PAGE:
Social-welfare funds aren't political piggy banks

Organizations known as 501(c)(4)s that are supposedly devoted to social-welfare activities are acting more like banks for political money.

April 15, 2011

Under the Supreme Court's wrongheaded Citizens United decision, corporate spending on independent political advertising may not be limited. So it's not surprising that Democrats are organizing two so-called super PACs, similar to ones already created by Republicans, that can raise huge amounts of money from corporations and wealthy individuals. The best that can be said about these new organizations is that they must make some disclosure of the identities of their contributors.

That isn't the case with another sort of organization, known as a 501(c)(4). These are groups set up under the Internal Revenue Code that are supposedly devoted to social-welfare activities. For example, Crossroads GPS, a Republican-oriented 501(c)(4) affiliated with the super PAC American Crossroads, describes itself as "a policy and grass-roots advocacy organization that is committed to educating, equipping and mobilizing millions of American citizens to take action on the critical economic and legislative issues that will shape our nation's future in the years ahead." Nothing about elections in that credo.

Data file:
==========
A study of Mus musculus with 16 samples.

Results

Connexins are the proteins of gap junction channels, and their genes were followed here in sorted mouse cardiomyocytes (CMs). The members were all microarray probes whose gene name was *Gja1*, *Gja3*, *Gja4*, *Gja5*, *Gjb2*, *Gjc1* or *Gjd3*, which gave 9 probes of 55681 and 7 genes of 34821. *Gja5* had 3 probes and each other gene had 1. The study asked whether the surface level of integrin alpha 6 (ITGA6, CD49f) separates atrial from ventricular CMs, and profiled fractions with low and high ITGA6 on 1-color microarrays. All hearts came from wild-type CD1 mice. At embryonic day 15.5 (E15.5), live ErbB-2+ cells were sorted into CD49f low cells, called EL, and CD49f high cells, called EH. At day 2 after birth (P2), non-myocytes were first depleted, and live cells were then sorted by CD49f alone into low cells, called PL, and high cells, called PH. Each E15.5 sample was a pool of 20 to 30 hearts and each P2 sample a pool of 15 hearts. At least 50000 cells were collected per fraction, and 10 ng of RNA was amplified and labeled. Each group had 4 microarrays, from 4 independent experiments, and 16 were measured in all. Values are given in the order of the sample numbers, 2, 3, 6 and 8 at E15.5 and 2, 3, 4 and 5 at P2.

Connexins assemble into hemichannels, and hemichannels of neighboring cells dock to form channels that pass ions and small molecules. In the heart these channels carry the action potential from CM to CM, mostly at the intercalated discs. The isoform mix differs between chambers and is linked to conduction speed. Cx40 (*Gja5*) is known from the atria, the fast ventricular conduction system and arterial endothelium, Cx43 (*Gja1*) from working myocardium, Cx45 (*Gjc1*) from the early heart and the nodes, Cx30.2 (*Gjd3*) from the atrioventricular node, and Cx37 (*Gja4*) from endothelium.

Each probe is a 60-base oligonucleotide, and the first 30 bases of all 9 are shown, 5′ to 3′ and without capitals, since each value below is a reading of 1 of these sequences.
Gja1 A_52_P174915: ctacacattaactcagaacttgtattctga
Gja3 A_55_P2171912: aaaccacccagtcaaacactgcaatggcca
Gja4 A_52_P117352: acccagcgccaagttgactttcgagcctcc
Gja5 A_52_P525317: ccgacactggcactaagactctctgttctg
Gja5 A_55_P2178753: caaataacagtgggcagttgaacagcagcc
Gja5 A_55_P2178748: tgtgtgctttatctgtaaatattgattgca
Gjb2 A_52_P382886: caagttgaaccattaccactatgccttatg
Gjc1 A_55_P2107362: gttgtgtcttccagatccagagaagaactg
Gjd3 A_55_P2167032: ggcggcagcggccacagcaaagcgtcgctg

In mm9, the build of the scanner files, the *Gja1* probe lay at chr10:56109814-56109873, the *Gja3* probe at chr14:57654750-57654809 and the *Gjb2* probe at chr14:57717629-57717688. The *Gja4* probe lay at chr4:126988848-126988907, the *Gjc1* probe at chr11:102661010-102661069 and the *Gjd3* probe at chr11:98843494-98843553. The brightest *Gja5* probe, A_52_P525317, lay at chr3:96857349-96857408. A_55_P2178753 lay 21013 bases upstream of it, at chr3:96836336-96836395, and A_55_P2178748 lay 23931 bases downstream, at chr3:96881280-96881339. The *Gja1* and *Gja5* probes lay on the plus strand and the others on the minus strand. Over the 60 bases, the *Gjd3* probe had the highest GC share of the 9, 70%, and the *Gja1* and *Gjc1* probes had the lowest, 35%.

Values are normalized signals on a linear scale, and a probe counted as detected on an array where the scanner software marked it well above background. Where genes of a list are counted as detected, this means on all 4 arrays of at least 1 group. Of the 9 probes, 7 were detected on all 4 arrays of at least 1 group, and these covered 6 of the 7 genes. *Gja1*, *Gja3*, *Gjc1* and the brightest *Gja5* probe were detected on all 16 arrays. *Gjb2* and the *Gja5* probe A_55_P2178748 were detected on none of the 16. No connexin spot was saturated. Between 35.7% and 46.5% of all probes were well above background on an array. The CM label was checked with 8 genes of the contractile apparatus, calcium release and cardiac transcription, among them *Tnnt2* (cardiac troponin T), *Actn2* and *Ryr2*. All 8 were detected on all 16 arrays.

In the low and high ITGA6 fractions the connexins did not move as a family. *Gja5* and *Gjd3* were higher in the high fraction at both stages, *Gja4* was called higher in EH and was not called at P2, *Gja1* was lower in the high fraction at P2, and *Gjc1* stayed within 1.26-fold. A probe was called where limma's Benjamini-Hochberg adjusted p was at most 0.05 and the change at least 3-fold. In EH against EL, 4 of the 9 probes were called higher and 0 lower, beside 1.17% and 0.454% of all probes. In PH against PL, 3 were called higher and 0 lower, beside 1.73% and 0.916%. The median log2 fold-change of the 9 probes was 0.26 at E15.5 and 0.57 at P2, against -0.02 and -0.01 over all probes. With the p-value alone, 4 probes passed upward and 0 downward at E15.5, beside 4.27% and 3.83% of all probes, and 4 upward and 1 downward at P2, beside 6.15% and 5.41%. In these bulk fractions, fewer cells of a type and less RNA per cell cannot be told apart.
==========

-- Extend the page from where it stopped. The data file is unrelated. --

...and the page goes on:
Yet 501(c)(4)s are also able to spend money in political races as long as their primary activities are educational and social. Campaign finance reformers have asked the Internal Revenue Service to scrutinize 501(c)(4)s to see whether they're really political committees by another name that allow corporations and other groups to contribute anonymously to political activities.

Better policing by the IRS might reduce the use of 501(c)(4)s as political fundraising engines. But a more reliable remedy would have to come from Congress, which should require that 501(c)(4)s focus exclusively on nonpolitical activities. If corporations and individuals want to subsidize independent political advertisements, that is their right, but even the conservative Supreme Court has said that disclosure has a legitimate public purpose.

Speaking of disclosure, Congress this year is expected once again to consider legislation designed to blunt the effects of the Citizens United decision. The DISCLOSE Act would require that political ads identify the unions and corporations behind them and would require the leaders of corporations and unions to appear in the ads to vouch for their message. To those proposals should be added a reform in the tax laws to prevent organizations supposedly devoted to education and welfare from functioning as banks for political money — and concealing the identities of their "depositors."